Donald Trump wanted to fire James Comey for at least a week — because of "loyalty"

How the Trump administration botched the Comey firing, and made a mess of it all

By Matthew Rozsa

Staff Writer

Published May 11, 2017 11:46AM (EDT)

James Comey; Donald Trump   (Jeff Malet, Watson)
James Comey; Donald Trump (Jeff Malet, Watson)

President Donald Trump values loyalty, and that may be the reason why he fired FBI James Comey, who was leading an ongoing investigation into potential links between the Trump campaign and the Russian government.

Trump had long been wary of Comey's loyalty and judgment, and when he summoned Sessions and Rosenstein to his office it wasn't to solicit their views on Comey — it was to instruct them to come up with a written case he could use to justify firing him. He had made up his mind about firing Comey as long ago as last weekend, according to a report by The Washington Post, and was angry that Comey was continuing to aggressively pursue an investigation into the Trump campaign's alleged collusion with the Russian government.

On Monday, he made it clear to close advisers like Vice President Mike Pence, chief strategist Steve Bannon, and White House counsel Don McGahn that he wanted to fire Comey. Trump then ordered Attorney General Jeff Sessions and Deputy Attorney General Rod Rosenstein to write up a rationale for dismissing Comey.

Later, when the spin began to depict Rosenstein as the one who took the initiative to terminate Comey, the deputy attorney general threatened to resign.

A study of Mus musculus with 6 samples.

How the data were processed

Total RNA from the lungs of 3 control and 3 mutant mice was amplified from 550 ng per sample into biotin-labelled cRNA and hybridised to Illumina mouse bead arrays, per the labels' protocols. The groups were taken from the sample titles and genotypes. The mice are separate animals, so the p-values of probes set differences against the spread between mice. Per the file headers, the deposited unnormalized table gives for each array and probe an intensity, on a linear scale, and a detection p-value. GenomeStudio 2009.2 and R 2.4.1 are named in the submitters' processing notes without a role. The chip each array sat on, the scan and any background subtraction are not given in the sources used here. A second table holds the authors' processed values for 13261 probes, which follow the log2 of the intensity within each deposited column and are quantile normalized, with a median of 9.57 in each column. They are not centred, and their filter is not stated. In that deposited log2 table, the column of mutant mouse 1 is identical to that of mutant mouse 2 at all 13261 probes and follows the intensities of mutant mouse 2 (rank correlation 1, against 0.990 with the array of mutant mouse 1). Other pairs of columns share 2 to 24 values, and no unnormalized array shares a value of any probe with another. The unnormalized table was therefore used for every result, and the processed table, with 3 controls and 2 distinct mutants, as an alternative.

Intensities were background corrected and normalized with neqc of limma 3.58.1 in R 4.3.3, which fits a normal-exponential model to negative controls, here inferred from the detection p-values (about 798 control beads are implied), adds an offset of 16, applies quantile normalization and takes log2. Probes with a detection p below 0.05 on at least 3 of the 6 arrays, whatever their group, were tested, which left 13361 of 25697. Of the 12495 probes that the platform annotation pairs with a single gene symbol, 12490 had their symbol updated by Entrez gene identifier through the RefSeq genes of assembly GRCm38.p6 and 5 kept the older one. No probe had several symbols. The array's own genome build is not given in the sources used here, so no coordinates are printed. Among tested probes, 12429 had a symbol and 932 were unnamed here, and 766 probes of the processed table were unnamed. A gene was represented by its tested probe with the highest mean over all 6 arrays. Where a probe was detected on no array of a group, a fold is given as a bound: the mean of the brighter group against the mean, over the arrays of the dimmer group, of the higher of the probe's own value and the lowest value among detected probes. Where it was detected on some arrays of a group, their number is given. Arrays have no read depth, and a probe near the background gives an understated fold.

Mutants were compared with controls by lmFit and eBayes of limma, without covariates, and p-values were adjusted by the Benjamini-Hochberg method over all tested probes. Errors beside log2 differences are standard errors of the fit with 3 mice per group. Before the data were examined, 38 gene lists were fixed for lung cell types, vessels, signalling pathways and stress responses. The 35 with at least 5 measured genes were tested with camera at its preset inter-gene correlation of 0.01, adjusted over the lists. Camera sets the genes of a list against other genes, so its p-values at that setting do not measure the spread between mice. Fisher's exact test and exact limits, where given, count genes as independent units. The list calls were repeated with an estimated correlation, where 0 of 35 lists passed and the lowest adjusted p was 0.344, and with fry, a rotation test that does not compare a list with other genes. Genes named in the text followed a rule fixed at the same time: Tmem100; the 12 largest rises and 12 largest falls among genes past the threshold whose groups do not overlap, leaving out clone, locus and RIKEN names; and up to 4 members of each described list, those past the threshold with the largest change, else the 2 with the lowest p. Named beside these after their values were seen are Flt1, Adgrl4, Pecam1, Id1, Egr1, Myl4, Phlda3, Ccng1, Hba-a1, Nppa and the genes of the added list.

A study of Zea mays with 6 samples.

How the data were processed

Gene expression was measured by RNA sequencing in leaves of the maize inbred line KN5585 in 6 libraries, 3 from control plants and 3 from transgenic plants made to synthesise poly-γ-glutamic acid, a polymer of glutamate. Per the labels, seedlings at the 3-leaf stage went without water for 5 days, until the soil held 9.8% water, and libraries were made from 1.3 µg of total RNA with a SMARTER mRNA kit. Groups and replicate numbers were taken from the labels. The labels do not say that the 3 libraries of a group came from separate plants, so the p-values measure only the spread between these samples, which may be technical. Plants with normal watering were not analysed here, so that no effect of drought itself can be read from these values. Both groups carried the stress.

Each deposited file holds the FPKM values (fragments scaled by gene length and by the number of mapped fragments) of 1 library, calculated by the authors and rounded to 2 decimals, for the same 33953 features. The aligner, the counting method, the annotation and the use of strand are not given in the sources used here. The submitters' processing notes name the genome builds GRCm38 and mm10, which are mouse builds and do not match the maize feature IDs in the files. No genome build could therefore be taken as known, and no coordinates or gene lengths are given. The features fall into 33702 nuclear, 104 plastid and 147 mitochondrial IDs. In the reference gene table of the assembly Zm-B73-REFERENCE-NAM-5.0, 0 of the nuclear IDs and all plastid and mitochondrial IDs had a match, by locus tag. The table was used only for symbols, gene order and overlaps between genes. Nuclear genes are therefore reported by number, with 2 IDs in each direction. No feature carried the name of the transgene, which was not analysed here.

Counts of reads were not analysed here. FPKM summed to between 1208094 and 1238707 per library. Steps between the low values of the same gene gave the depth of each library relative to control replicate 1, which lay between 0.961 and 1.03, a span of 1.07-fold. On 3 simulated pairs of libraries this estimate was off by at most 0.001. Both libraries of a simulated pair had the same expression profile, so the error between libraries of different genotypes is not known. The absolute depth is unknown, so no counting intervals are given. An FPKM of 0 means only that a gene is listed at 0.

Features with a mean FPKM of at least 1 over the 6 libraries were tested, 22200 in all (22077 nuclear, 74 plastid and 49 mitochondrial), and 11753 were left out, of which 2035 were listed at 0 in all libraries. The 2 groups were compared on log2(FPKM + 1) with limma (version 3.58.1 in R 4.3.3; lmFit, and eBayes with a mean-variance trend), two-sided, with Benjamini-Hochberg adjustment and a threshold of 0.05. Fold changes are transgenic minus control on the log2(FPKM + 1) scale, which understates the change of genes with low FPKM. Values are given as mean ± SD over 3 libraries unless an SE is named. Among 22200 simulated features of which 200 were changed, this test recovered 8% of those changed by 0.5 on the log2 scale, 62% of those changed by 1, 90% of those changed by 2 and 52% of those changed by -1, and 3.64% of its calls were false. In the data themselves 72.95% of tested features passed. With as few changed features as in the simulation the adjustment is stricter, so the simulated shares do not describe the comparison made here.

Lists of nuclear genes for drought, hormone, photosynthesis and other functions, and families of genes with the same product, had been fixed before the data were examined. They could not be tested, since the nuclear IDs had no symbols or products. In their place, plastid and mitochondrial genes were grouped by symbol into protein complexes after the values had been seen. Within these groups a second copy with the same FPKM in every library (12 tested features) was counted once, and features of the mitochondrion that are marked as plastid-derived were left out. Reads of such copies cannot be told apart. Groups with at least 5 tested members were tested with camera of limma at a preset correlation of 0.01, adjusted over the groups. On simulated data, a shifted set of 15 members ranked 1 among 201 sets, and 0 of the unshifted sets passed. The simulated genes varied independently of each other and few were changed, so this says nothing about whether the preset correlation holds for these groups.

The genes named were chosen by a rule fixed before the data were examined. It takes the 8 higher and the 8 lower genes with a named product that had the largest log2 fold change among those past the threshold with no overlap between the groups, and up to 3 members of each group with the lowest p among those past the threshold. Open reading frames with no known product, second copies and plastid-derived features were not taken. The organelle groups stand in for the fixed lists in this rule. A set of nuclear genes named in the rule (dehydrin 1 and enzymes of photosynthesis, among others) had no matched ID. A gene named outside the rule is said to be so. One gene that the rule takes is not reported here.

The version of events that places responsibility squarely on Trump's shoulders is reinforced by a source close to Comey, who informed CNN that the two reasons behind Comey's firing were his refusals to personally assure the president of his loyalty and his acceleration of the Russia investigation. Meanwhile, The New York Times reported that Trump was outraged as he watched Comey's congressional testimony, becoming particularly incensed when Comey commented about being "mildly nauseous" at the thought that his disclosure of the Anthony Weiner laptop could have contributed to Trump's victory. The Times also added that Trump saw reports about Comey providing incorrect information about Huma Abedin's email account as an opening that he could take advantage of to achieve his goal.

According to those sources, Pence, McGahn and Trump's son-in-law Jared Kushner all supported firing Comey. Bannon of all people was the one reluctant to fire Comey right away.



Matthew Rozsa is a staff writer at Salon. He received a Master's Degree in History from Rutgers-Newark in 2012 and was awarded a science journalism fellowship from the Metcalf Institute in 2022.